As part of its "storytelling" series of free standalone iOS apps, which currently consists of Adobe Voice and Adobe Slate, the company jumps into the "social graphics" (for want of a better term) market. Unlike those other apps. however, Adobe Post competes with boatloads of different ways to create artsy-looking photos-plus-type-overlay graphics -- Text on Photos and Videos, Canva, FontCandy, Wordswap, Typorama and Fontspiration, to name a handful -- for use on social media. It's currently available only for iPhone, unlike it's companion apps which are iPad only.
Adobe sees a few types of users for Post: individuals who want to post prettified pithy pontifications to social media or want attractive ways to blast out "we're having a party!" with a link, and more business-oriented folks who want easy-to-generate social-media-friendly marketing graphics.
Post is pretty well-designed and easy to use. It's based on the concept of what Adobe refers to as "remixing," though really that's just slapping a hip term on the themes or templates that you use as starting points for your graphics, dubbed "Posts." Terminology aside, though, Adobe used studies of the most popular Pinterest repins to choose the characteristics of its 42 initial designs, and they're attractive in a generic stock-photography way. Adobe plans to update the designs and content on a regular basis.
Each theme consists of a photo and text, to which the app applies filters, typefaces and type treatments. You can choose your own image from any of multiple sources, including a search of nice public-domain photos. The app automatically crops it to a 1:1 aspect ratio, and you can pan and rotate to choose the visible area.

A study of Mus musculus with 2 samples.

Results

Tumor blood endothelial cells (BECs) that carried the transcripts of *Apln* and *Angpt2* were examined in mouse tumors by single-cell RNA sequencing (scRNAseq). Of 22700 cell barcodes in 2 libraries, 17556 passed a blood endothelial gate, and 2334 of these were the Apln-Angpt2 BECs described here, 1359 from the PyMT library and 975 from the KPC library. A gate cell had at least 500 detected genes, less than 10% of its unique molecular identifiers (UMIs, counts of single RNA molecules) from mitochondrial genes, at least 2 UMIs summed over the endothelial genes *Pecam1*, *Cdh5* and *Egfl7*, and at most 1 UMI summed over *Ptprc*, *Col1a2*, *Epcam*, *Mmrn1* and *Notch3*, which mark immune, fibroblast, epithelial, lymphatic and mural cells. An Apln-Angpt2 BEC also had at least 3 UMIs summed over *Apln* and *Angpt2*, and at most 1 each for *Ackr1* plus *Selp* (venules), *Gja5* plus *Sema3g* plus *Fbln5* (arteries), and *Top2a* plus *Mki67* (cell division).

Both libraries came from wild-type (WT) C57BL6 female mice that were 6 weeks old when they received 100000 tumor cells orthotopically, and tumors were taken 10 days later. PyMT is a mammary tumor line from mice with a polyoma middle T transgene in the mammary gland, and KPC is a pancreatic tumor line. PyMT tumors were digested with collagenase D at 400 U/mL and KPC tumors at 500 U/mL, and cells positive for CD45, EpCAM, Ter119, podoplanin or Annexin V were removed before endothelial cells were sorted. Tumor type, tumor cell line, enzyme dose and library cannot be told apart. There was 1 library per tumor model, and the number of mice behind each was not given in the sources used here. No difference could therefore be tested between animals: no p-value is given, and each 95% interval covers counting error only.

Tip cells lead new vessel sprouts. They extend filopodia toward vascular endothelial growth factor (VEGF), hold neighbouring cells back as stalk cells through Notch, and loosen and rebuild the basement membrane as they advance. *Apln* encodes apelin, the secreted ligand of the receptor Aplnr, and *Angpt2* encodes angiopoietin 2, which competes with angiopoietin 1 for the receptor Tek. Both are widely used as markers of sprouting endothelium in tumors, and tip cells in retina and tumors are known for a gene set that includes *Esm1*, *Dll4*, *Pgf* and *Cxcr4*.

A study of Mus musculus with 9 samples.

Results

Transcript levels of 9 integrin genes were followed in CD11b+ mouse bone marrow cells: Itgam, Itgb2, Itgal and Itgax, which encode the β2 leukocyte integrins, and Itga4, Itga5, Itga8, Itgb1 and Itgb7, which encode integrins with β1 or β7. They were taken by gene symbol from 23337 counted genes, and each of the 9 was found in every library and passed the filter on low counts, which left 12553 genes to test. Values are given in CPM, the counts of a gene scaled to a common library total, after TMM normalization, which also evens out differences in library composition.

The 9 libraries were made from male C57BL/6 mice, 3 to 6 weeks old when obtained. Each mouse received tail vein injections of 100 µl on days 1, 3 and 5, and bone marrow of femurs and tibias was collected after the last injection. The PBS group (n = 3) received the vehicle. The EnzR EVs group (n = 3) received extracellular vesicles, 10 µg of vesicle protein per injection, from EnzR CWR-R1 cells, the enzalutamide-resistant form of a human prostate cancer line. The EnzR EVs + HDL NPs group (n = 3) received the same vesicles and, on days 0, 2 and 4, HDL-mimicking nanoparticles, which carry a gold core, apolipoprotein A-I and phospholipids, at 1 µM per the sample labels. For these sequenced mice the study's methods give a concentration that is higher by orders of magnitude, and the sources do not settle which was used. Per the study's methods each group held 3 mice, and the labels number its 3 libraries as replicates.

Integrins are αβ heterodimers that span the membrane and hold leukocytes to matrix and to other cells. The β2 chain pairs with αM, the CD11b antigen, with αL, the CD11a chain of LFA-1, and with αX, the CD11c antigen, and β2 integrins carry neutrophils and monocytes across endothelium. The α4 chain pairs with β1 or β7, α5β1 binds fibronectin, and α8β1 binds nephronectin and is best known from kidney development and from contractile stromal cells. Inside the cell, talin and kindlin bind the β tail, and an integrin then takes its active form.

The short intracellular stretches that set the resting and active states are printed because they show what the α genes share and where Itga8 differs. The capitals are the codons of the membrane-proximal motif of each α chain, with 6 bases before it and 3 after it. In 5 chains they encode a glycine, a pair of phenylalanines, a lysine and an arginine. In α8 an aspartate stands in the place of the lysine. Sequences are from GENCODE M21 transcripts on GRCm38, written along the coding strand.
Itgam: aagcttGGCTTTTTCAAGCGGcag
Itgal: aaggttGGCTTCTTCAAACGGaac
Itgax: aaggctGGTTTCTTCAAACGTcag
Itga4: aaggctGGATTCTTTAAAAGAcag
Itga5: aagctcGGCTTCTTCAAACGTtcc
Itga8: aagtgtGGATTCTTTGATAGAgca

Post's special sauce is the algorithmic way in which it intelligently changes the layout of the text as you change the font and resize/reshape the bounding box and its ability to pull multiple choices of coordinating palettes and text/text background color options from a photo. When you start from scratch with a photo, it automatically chooses a design that it thinks will look best with it, though you can always apply a different one.
Type options include foreground and background colors with opacity; font from a selection of 35; a background shape (plus social icons for Facebook, Pinterest, Instagram and Twitter); spacing; and alignment. Unfortunately, you can't change the text size independently from the background or change letter spacing, and you only have three line-spacing choices: very tight, very loose or normal. While that's fine for most people, type junkies (a big fanbase for these apps) might find the automation a bit too confining. The choice of fonts is quite nice. However the magic does fail some times. For example there's a design where it automatically enlarges a single word in the text; it occasionally chose the wrong word to emphasize, such as "We're having A party!"